Elective surgery access depends on where you are, who you are, and why you need surgery
A new report from the Australian Institute of Health and Welfare (AIHW) examines how rates of access to elective surgery differ between patient groups.
The report, Elective surgery in Australia: new measures of access, found that people living in remote areas and those in the more disadvantaged socioeconomic groups made use of publicly-funded elective surgery at higher rates than other people.
Conversely, people living in major cities and those in the more advantaged socioeconomic groups had higher rates of privately-funded elective surgery than other people.
Indigenous Australians overall had lower rates of elective surgery (public and private combined); however, they had much higher rates of admissions for publicly-funded elective heart, vascular and eye surgery than other Australians.
The report also examined differences in waiting times between patient groups. For 2004-05, the median waiting time for public hospital elective surgery was 29 days.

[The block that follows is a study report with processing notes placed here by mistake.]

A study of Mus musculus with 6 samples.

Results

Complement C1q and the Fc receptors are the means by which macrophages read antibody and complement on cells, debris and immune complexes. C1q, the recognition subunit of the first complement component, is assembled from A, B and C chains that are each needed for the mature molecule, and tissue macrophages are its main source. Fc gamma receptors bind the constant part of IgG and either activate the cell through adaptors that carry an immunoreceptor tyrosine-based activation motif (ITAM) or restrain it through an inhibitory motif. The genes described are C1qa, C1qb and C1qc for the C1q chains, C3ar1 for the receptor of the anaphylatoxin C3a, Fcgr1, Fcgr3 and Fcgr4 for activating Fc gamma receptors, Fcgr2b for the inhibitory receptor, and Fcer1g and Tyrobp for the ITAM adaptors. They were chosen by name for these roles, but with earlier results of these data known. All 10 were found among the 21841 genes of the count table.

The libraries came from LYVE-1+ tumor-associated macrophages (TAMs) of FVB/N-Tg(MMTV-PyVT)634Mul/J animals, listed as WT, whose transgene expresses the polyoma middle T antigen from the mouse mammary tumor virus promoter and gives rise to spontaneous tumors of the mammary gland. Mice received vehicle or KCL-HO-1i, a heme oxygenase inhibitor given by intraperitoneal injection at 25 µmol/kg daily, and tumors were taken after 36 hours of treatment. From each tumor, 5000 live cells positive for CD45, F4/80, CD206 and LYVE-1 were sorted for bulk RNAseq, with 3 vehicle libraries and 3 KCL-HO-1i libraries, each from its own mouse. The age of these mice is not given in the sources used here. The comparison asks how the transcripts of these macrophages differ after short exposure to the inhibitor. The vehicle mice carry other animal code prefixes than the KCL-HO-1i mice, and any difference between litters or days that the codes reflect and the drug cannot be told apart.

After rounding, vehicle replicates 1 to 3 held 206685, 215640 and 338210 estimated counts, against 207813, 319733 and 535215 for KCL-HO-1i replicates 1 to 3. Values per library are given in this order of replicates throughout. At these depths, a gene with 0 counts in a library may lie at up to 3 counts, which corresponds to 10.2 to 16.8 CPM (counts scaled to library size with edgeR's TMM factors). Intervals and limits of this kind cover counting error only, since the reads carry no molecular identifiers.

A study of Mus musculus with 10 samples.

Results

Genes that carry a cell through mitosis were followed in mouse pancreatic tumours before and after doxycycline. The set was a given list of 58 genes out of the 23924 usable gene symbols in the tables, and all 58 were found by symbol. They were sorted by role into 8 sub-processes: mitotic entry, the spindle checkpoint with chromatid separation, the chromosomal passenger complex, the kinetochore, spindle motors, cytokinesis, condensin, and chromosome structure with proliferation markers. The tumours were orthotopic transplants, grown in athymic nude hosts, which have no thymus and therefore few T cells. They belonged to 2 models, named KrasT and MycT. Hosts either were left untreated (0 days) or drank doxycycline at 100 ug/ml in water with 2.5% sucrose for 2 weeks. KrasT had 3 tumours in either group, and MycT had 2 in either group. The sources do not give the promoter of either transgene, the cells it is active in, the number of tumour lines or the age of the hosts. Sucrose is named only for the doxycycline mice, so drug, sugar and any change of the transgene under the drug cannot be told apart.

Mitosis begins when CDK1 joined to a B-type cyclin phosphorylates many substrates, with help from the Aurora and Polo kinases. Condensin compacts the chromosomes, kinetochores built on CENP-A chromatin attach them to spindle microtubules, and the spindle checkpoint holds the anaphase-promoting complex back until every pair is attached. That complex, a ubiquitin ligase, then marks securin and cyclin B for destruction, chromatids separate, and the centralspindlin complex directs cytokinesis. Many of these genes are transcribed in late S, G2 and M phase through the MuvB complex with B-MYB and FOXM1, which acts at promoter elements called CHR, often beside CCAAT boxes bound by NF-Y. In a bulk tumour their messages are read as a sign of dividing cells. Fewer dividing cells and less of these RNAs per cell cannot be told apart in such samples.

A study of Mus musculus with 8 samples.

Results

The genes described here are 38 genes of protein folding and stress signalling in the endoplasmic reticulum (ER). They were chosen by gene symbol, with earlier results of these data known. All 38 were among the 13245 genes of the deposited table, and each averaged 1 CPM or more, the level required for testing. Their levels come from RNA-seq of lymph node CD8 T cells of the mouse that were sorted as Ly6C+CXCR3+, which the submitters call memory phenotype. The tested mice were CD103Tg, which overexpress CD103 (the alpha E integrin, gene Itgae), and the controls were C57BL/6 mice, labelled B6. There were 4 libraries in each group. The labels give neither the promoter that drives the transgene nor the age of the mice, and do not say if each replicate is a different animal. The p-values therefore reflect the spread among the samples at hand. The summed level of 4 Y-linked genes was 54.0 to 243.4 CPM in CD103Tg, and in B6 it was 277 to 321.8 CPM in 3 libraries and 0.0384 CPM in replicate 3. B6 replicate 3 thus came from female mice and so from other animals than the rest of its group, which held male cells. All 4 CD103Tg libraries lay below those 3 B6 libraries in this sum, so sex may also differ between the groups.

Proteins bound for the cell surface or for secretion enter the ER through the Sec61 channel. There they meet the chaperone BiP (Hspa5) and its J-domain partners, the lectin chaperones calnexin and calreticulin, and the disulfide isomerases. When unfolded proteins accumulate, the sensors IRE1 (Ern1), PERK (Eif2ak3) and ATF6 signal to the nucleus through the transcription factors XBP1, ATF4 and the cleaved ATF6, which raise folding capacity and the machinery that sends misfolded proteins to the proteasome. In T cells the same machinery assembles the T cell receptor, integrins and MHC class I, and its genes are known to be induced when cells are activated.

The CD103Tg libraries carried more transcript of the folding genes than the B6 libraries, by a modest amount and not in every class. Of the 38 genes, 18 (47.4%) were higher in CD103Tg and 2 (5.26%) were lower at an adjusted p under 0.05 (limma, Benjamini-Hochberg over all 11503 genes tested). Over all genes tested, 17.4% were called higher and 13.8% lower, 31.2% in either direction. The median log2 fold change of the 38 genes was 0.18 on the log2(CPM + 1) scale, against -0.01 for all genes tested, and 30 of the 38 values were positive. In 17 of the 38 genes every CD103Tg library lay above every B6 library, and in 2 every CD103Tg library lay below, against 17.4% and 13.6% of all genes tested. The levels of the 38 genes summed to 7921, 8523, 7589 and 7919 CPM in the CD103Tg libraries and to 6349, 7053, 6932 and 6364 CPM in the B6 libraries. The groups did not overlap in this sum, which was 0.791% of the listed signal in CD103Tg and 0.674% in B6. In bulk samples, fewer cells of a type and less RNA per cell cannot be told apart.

'Waiting times varied by the remoteness of the patient's residence, their socioeconomic group and reason for admission,' said Jenny Hargreaves, Head of the Institute's Economics and Health Services Group.
'Overall, people living in very remote areas waited longer for elective surgery than people living in other areas, with a median waiting time of 31 days,' she said.
Patients with a diagnosis of cancer or heart attacks had shorter waiting periods for their surgery than patients with other conditions who were having the same type of surgery.
Overall, patients with cancer diagnoses had median waiting times 15 days shorter than other patients.
'For example, patients with cancer waiting for eye surgery had a median waiting time of 21 days, compared to 83 days for patients with cataracts,' Ms Hargreaves said.
While overall there was no difference between the waiting times between Indigenous Australians and other Australians, a few procedures or surgical specialties did reveal differences in wait times.
Aboriginal and Torres Strait Islander Australians had a shorter median waiting time than other Australians for orthopaedic surgery (27 days compared to 42 days for other patients).
However, within this group, Indigenous Australians had longer waits for hip replacements (116 days compared to 91 days for other Australians), and shorter waits for knee replacements (79 days compared to 134 day for other Australians).